In his essay The Superinvestors of Graham-and-Doddsville Warren Buffett described how share prices do not always rationally reflect the value of a business. One imperfect but simple way to consider how the market perception of a company has shifted is to compare the change in the earnings per share (EPS) with the share price movement.
Over half a decade, Carter's managed to grow its earnings per share at 17% a year. This EPS growth is higher than the 5.8% average annual increase in the share price. Therefore, it seems the market has become relatively pessimistic about the company.
The image below shows how EPS has tracked over time (if you click on the image you can see greater detail).
This free interactive report on Carter's's earnings, revenue and cash flow is a great place to start, if you want to investigate the stock further.
What About Dividends?
As well as measuring the share price return, investors should also consider the total shareholder return (TSR). The TSR incorporates the value of any spin-offs or discounted capital raisings, along with any dividends, based on the assumption that the dividends are reinvested. So for companies that pay a generous dividend, the TSR is often a lot higher than the share price return. In the case of Carter's, it has a TSR of 43% for the last 5 years. That exceeds its share price return that we previously mentioned. This is largely a result of its dividend payments!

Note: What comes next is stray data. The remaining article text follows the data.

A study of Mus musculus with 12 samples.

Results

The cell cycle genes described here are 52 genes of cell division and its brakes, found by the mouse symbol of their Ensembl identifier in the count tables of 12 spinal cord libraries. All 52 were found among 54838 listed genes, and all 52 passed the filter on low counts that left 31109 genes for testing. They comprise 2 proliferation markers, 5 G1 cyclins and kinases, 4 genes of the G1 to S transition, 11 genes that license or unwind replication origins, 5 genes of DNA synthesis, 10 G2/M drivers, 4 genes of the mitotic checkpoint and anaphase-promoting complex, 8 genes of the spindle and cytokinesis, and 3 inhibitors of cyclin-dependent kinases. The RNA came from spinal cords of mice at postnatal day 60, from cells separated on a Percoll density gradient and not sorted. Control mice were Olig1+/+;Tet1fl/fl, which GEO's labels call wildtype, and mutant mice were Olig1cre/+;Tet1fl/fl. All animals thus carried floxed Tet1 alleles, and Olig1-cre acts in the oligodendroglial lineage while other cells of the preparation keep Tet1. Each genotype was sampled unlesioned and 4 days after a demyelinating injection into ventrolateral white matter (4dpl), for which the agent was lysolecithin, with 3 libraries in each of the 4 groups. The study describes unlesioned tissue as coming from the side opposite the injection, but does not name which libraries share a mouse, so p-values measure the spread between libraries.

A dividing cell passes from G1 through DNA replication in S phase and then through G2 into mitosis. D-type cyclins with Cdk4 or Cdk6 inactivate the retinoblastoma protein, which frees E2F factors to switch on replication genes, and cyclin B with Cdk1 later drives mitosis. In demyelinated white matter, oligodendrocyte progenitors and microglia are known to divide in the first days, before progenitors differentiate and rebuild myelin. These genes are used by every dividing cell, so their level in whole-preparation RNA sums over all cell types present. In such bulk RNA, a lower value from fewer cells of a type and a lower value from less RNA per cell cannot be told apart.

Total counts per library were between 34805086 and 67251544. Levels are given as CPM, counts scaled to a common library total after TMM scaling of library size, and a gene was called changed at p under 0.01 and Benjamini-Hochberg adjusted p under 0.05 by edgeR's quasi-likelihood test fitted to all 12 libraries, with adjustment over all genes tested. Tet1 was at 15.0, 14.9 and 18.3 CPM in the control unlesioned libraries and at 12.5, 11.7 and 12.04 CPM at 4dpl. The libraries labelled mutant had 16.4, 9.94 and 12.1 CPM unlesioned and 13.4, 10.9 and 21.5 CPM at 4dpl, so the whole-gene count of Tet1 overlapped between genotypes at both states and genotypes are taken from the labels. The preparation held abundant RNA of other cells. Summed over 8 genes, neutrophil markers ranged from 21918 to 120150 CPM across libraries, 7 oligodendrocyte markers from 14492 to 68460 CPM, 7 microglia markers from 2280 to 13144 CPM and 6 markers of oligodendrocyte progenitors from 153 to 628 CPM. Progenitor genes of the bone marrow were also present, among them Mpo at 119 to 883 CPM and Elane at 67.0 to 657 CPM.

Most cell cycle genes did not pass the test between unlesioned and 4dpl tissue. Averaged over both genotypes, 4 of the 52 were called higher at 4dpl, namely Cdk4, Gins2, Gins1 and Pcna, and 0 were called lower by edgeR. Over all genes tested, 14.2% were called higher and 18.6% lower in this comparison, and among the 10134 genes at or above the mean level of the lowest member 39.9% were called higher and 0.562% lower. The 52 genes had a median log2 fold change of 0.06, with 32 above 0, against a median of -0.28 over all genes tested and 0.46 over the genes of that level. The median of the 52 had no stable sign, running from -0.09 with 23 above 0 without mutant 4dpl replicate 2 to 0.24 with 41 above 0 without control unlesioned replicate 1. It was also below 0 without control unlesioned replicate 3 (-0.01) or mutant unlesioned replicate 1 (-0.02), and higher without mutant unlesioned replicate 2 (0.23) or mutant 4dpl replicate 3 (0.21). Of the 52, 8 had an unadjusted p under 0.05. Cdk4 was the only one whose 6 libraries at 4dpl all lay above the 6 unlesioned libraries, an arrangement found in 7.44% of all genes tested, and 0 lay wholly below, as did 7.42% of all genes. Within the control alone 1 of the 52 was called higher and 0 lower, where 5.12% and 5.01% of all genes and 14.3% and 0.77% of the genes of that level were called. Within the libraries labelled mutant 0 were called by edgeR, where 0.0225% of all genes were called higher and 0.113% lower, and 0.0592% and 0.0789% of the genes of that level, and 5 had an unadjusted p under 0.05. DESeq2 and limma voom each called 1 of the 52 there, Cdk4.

A Different Perspective
Investors in Carter's had a tough year, with a total loss of 18% (including dividends), against a market gain of about 7.0%. However, keep in mind that even the best stocks will sometimes underperform the market over a twelve month period. Longer term investors wouldn't be so upset, since they would have made 7.4%, each year, over five years. It could be that the recent sell-off is an opportunity, so it may be worth checking the fundamental data for signs of a long term growth trend. If you would like to research Carter's in more detail then you might want to take a look at whether insiders have been buying or selling shares in the company.
For those who like to find winning investments this free list of growing companies with recent insider purchasing, could be just the ticket.
Please note, the market returns quoted in this article reflect the market weighted average returns of stocks that currently trade on US exchanges.
We aim to bring you long-term focused research analysis driven by fundamental data. Note that our analysis may not factor in the latest price-sensitive company announcements or qualitative material.
If you spot an error that warrants correction, please contact the editor at firstname.lastname@example.org. This article by Simply Wall St is general in nature. It does not constitute a recommendation to buy or sell any stock, and does not take account of your objectives, or your financial situation. Simply Wall St has no position in the stocks mentioned. Thank you for reading.